The Christmas Scrooge
I guess I’m a Christmas Scrooge.
I try to purchase things my loved ones would like for the holiday and usually I’m somewhat successful. But, when it comes to my presents, they’re often stumped.
The truth is, there’s just not much I want.
I learned some time ago that things won’t make me happy. As often as not, the more things we add to our lives, the more stressed out we get just trying to keep track of them, store them, care for them, keep them up to date and working, etc.
I do have my vices. Music is the biggest. I have a wish list, and about three quarters of it is music. Digital downloads are a blessing because we’ve run out of places to store CDs.
My shelves have no need of knickknacks, my clothes may reflect the fashions of 20 years ago, but if there’s a new album out, I’m all ears.
Books are another passion, but there’s only so much time to read. In a decade, I couldn’t read all of the books on my lists.
My family sometimes tires of getting me the same things again and again. And, some of them come from conservative religious traditions, so they would rather not buy secular music. (They seem to have missed the Iris Dement gospel album on my list so far.)
My mother did get tricked last year though. I had a Robert Ellis album on my list called “Photographs.” Mom thought she was getting me a book of photographs or something.
I’ve gone shopping on exactly one Black Friday in my life. I waited in line for 90 minutes to purchase a single electronics item. They didn’t manage to sell me anything else though.
Now of course, I also view the holidays from the perspective of a parent. Christmas traditions have changed a bit since I was a kid, especially the gift giving. I had 24 cousins. The idea that my aunts and uncles would buy us presents never crossed our minds. None of the families could afford it.
But, as families have gotten smaller, traditions have changed. Some families draw names for who will buy for siblings, but there seems to be a shared understanding that everyone will buy something for the kids. That doesn’t mean just our own kids, but nieces and nephews as well.
Try to suggest that this is too much and you’ll be labeled a Scrooge who deprives children of their Christmas joy.
The result is that while adults get a few presents each year, kids are often overwhelmed with them. Aunts, uncles, friends and grandparents living at a distance have to try to figure out what the kids want.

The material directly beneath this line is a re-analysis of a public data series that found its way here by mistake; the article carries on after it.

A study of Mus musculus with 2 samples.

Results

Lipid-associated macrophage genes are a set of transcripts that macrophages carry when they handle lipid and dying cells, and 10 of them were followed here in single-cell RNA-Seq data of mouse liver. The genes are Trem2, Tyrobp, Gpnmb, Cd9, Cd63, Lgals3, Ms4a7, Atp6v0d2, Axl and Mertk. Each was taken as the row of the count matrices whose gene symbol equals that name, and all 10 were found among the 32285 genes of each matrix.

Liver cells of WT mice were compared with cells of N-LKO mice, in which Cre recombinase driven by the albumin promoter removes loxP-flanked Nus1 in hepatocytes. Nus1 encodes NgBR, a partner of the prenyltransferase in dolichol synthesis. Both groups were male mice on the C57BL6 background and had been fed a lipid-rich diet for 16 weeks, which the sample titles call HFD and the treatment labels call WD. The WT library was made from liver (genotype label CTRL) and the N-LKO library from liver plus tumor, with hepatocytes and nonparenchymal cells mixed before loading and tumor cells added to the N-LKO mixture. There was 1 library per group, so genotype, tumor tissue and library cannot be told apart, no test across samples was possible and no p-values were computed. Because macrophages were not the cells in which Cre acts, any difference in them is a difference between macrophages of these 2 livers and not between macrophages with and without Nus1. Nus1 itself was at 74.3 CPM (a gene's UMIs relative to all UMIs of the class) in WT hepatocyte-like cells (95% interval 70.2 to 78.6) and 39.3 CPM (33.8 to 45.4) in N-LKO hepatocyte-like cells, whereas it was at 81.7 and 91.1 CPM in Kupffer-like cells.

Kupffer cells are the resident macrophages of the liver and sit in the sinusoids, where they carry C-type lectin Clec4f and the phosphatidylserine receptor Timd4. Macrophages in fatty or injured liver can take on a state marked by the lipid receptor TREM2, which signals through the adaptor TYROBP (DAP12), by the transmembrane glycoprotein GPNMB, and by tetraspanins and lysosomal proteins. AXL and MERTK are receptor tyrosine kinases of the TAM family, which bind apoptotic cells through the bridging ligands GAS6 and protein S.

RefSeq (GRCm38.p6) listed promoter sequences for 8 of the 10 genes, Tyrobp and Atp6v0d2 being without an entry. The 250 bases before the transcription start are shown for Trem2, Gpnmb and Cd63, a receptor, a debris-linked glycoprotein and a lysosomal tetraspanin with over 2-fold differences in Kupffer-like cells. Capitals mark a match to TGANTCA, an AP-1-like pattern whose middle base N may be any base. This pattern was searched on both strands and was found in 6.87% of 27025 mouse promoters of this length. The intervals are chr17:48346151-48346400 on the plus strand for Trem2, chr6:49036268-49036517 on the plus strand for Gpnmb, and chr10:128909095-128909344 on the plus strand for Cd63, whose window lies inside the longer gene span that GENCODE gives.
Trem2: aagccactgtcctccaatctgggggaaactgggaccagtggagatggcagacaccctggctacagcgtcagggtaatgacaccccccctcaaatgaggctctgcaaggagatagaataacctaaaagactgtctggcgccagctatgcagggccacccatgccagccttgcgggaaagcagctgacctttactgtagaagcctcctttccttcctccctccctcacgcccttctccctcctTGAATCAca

That’s where wish lists come in. They can take some of the anxiety out of gift giving, but the eliminate much of the suspense as well.
But, a bigger concern is the materialism that can develop, even at an early age. I’ve seen children cry at the holidays because they’re besieged with items they don’t understand. The youngest ones would rather play with the wrapping paper. As they age, the greed kicks in. It can be far too easy to associate love with material things.
My son turned five recently and I’d like to give him the world. Actually, we tried recently. We gave him a globe for his birthday. He’s learning a bit about the world and his place in it. He doesn’t entirely have Christmas down yet, but for some reason, he’s convinced that Jesus lives in Maine. We’ve never been there, so I can’t say for sure.
As he grows up, I want him to learn about the value of things. It’s hard to do when a child can treat a toy badly, break it, and still have a dozen others to play with. His allowance is four dollars per week and it goes into a piggy bank with four compartments: invest, spend, donate and save.
The invest money is for college, not to be touched. He saves for those things he really wants, like a new toy train or Lego set. If he sees something in the store that he wants, that’s what the spend compartment is for. But, it’s small, so that doesn’t go far.
This is the time of the year when we’ll be helping him decide where to give the money in the donate compartment. It could go to the church for the food pantry, or to a shelter for those who need it, or a couple of other charities. At this age, we keep the choices simple. As he gets older, he’ll do some guided research himself.
Because giving is what the season is about, not receiving.
Michael Carley is a resident of Porterville. He can be reached at email@example.com.